A boy finds an interesting egg. His curiosity leads him to protect it and want to figure out what will come out of it. He didn't realize that it would turn into something magical. The boy and the Water horse grow a strong relationship together in this wonderful story.Written by
In traditional Scottish mythology, 'The Water Horse' aka 'Kelpie' is a terrifying people-eating "boogeyman." This beast appears in a pleasing form to lure unsuspecting victims (usually children) to play with it. Once the unfortunate soul had mounted the Kelpie, it would trap the victim with glue excreted from its skin, and drag him or her down to a watery death. Another kind of Kelpie took the form of a handsome man who targeted young women, analogous to the Dracula and Nosferatu of Eastern Europe. Society used these legends to protect young people by teaching them to be wary of adult strangers and dangerous natural formations. Kelpie stories come from all over Scotland, and are not exclusively associated with Loch Ness. It was only in the 1930s, after the popularity of early stop-motion dinosaur films such as The Lost World (1925) and King Kong (1933), that the standard image of Scottish lake monsters was revised to be shaped like a dinosaur or a plesiosaur. Their nature was subsequently changed to become docile, cute and cuddly, because this image is more convenient for creating a tourist attraction. The association of these monsters with Loch Ness specifically, only came about because the first published photo of such a "creature" was made there, around 1933. After that picture (called the "Surgeon's Photo" and seen frequently in this film) became world-famous in 1934, several similar monsters were "sighted" in various locations across Canada, and given names such as Ogopogo and Cadborosaurus. During the Great Depression, happy novelties in the news were popular, so they were covered extensively. The fact that these "sightings" are so convenient for entertainment culture and the tourist industry, suggests that the phenomenon is commercial rather than biological. See more »
When Angus first takes the egg into the workshop, you can see the door to the workshop is set in a recessed porch and it is cloudy. The next shot, as he enters the workshop, has the sun streaming through the glass in the door. Whilst it is feasible that the sun could have just come out, it would be impossible for it to be streaming through the glass, given the position of the door in the previous shot. See more »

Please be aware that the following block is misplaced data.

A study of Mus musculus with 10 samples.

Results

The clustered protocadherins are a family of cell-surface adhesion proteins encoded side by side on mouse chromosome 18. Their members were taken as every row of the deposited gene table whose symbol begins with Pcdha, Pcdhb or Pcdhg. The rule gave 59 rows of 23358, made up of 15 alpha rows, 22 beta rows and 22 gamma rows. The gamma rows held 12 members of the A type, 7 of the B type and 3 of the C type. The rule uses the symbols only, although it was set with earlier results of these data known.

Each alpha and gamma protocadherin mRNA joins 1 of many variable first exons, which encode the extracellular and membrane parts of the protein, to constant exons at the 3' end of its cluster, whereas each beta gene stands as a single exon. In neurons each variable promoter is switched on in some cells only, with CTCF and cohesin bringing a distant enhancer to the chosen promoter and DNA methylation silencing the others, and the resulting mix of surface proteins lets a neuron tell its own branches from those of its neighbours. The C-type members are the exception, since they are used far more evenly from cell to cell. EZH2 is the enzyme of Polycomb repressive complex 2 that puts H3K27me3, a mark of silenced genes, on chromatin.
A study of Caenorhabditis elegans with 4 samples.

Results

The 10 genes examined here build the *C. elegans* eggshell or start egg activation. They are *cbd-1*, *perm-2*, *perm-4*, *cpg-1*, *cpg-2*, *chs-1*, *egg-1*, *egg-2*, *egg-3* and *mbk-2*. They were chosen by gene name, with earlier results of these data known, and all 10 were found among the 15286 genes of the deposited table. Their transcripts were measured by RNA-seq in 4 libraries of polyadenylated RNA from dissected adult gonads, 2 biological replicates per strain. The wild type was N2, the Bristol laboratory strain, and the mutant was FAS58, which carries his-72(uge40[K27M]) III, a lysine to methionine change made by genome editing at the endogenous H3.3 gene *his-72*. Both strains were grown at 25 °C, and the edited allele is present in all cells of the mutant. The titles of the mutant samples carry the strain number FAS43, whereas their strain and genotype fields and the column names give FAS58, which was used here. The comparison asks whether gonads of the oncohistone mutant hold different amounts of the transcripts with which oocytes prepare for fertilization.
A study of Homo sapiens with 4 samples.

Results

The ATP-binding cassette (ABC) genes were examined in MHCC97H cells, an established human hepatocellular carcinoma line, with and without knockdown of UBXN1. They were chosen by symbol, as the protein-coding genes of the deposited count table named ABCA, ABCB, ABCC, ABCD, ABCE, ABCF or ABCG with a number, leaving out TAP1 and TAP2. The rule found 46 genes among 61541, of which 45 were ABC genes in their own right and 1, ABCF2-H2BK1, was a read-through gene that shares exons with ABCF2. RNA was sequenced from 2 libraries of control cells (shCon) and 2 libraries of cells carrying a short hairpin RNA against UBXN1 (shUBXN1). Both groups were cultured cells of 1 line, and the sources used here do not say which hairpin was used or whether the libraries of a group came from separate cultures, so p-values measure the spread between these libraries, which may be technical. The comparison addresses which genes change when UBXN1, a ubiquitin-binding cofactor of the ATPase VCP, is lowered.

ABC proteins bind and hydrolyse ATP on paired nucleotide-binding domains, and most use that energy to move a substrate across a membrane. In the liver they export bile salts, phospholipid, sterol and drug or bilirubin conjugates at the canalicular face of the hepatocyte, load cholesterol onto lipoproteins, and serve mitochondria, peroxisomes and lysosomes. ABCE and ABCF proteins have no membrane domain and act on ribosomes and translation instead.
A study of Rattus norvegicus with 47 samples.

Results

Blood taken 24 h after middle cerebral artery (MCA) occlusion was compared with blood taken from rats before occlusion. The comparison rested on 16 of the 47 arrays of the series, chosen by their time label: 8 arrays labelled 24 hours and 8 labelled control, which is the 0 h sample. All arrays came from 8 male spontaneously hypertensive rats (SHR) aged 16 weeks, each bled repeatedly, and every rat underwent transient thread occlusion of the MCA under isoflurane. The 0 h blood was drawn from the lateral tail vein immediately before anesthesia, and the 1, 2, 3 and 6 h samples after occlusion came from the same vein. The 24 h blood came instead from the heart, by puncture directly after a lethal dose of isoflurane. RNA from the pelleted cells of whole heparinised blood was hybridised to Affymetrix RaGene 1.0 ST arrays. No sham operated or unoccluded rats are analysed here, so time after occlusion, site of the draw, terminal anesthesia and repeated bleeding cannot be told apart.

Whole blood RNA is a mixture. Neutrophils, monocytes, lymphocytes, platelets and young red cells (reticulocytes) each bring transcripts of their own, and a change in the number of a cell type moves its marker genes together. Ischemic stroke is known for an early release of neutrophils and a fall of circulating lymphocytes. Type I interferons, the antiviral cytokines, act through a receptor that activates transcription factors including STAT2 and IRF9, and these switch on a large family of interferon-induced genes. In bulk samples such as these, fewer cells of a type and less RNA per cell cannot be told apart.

It is reassuring to see more and more family-oriented films being issued without everyone having to rely on the Disney and Pixar folks to carry all the weight. That said, it would have been interesting to see what Disney might have done with this story. In the end, I would highly recommend this for family viewing - it has laughs, thrills, beautiful scenery, and a heartwarming storyline that offers opportunities for family discussion.
As with most things, there are good and bad sides to this film. On the plus side, the acting is above-par by all the actors(the adult male leads look startlingly like a young Liam Neeson and a Gaelic Antonio Banderas), the location footage is gorgeous, the period "feels right", and the title namesake is very well executed and most believable. Major kudos to the special effects teams, they did a magnificent job.
On the downside, the denouement is telegraphed well in advance and comes as no surprise, and there are some unanswered questions and several plot lines end without resolution. I have a feeling a "directors cut" would probably restore studio-mandated cuts and resolve these issues. The Director, Jay Russell, has helmed other very successful films (including a little-known but personal favorite "End of the Line") which were also obviously "fiddled with" by studio decree. Such is the business of film-making.
In the end, I greatly enjoyed this film, and plan to add it to my vast collection when it is released for home viewing.